The NASDAQ lost its momentum in recent months as a resurgence of COVID-19 infections, inflation fears, rising bond yields, the debt ceiling fight, and a potential real estate crisis in China all spooked investors.
The index has retreated about 7.5% from its all-time high over the past month, but a deeper correction can still occur if the macro headwinds intensify. If the market does continue to tumble, I'll be looking for an opportunity to buy these three expensive tech stocks on sale.
Cloudflare's ( NET -7.51% ) platform accelerates the delivery of digital content to a website's visitors through its content delivery network (CDN). At the same time, it can shield websites from cyberattacks and direct websites to the correct IP address through its DNS (domain name system) service.
Cloudflare "serve[s] data from 250 cities in over 100 countries around the world," and it processes an average of 25 million website requests every second. It primarily works behind the scenes, but you've likely encountered its defenses, which ask users to prove they're humans instead of bots, across the web.
The company often refers to itself as a "water filtration" system for the internet, which reduces the need for traditional cybersecurity services. Its growth rates indicate there is growing demand for such filtration -- revenue was up 50% in 2020, and management is targeting approximately 46% top-line growth this year after raising its guidance twice. Cloudflare also ended the second quarter with an impressive dollar-based net retention rate of 124%.
However, Cloudflare isn't profitable yet, and its stock trades at 59 times this year's expected sales. Its long-term prospects look bright, but it's trading at a much higher price-to-sales ratio than comparable companies like Fastly and Akamai. Therefore, I'd be much more bullish on Cloudflare if its valuations cool off.
Shopify's ( SHOP 1.28% ) e-commerce tools enable merchants to sell their products online without joining an existing marketplace like Amazon. It helps over 1.7 million businesses set up their own online shops, process payments, fulfill orders, manage their marketing, and more.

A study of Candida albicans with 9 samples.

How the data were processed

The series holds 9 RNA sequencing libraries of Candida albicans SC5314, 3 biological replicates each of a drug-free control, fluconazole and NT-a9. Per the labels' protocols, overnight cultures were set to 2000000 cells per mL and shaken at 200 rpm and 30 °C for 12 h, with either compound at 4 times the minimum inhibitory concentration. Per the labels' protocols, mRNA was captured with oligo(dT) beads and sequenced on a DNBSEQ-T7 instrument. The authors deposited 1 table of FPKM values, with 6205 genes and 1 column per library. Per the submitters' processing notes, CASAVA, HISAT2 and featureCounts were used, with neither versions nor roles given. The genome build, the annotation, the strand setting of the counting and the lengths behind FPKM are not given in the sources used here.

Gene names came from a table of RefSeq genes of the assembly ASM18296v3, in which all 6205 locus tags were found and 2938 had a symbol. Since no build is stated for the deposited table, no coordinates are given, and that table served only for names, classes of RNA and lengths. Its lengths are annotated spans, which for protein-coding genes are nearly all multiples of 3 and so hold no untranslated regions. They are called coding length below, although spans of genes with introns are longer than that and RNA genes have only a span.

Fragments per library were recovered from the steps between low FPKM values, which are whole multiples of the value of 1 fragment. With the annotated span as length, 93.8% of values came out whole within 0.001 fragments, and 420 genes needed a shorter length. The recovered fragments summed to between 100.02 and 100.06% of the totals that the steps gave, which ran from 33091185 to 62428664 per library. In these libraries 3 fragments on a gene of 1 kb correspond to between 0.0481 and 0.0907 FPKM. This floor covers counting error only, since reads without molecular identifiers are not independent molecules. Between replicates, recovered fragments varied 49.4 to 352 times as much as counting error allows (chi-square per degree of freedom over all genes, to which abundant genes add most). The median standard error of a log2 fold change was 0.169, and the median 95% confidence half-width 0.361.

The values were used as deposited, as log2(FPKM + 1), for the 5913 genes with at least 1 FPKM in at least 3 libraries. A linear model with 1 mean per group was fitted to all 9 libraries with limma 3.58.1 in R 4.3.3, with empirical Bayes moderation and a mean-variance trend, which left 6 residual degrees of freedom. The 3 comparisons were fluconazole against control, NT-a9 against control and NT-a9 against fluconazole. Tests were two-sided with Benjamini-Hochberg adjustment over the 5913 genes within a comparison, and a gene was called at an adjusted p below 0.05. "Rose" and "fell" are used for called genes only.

The company was already firing on all cylinders prior to the pandemic, but the crisis caused its growth to accelerate as more businesses and shoppers moved online. Revenue surged 86% in 2020, and analysts expect revenue to rise another 98% this year.
Shopify also turned profitable on a GAAP basis in 2020, while its non-GAAP earnings per share increased 13-fold. Analysts expect its non-GAAP earnings to grow another 89% this year.
This platform will continue expanding as it challenges Amazon and other e-commerce giants with a decentralized network of smaller merchants. That disruptive potential has helped Shopify deliver incredible returns for its shareholders, and it still looks like a great growth stock for the future. But it's also priced for perfection at 199 times forward earnings and 35 times sales. Those high valuations, along with tougher post-pandemic comparisons, could drag down its stock during a market crash -- but a major pullback would also represent a golden buying opportunity.
3. The Trade Desk
The Trade Desk ( TTD 0.13% ) is the world's largest independent DSP (demand-side platform) for digital ads. A DSP enables trade desks, ad agencies, and advertisers to bid on ad inventories.
The Trade Desk has kept its retention rate above 95% for seven straight years, and it expects the expansion of its CTV (connected TV) business to reduce its dependence on desktop and mobile ads. That strategic shift, which many other ad-tech companies are also executing, should enable it to offset Apple's recent privacy changes on iOS and Alphabet's upcoming ban on third-party cookies in its Chrome web browser.
The Trade Desk's revenue rose 26% in 2020, even as the pandemic throttled ad purchases from certain sectors, but revenue jumped 67% year over year in the first half of 2021 as those headwinds waned. Analysts expect revenue and earnings to rise 40% and 3%, respectively, for the full year.
The Trade Desk's future looks bright, but its share price reflects investors' optimism. The stock trades at 91 times forward earnings and 27 times this year's sales, even after shares have declined over 30% from their all-time high. I'm sticking with cheaper ad-tech stocks for now, but I'd be interested in adding The Trade Desk to my portfolio if a sell-off brings its price down further.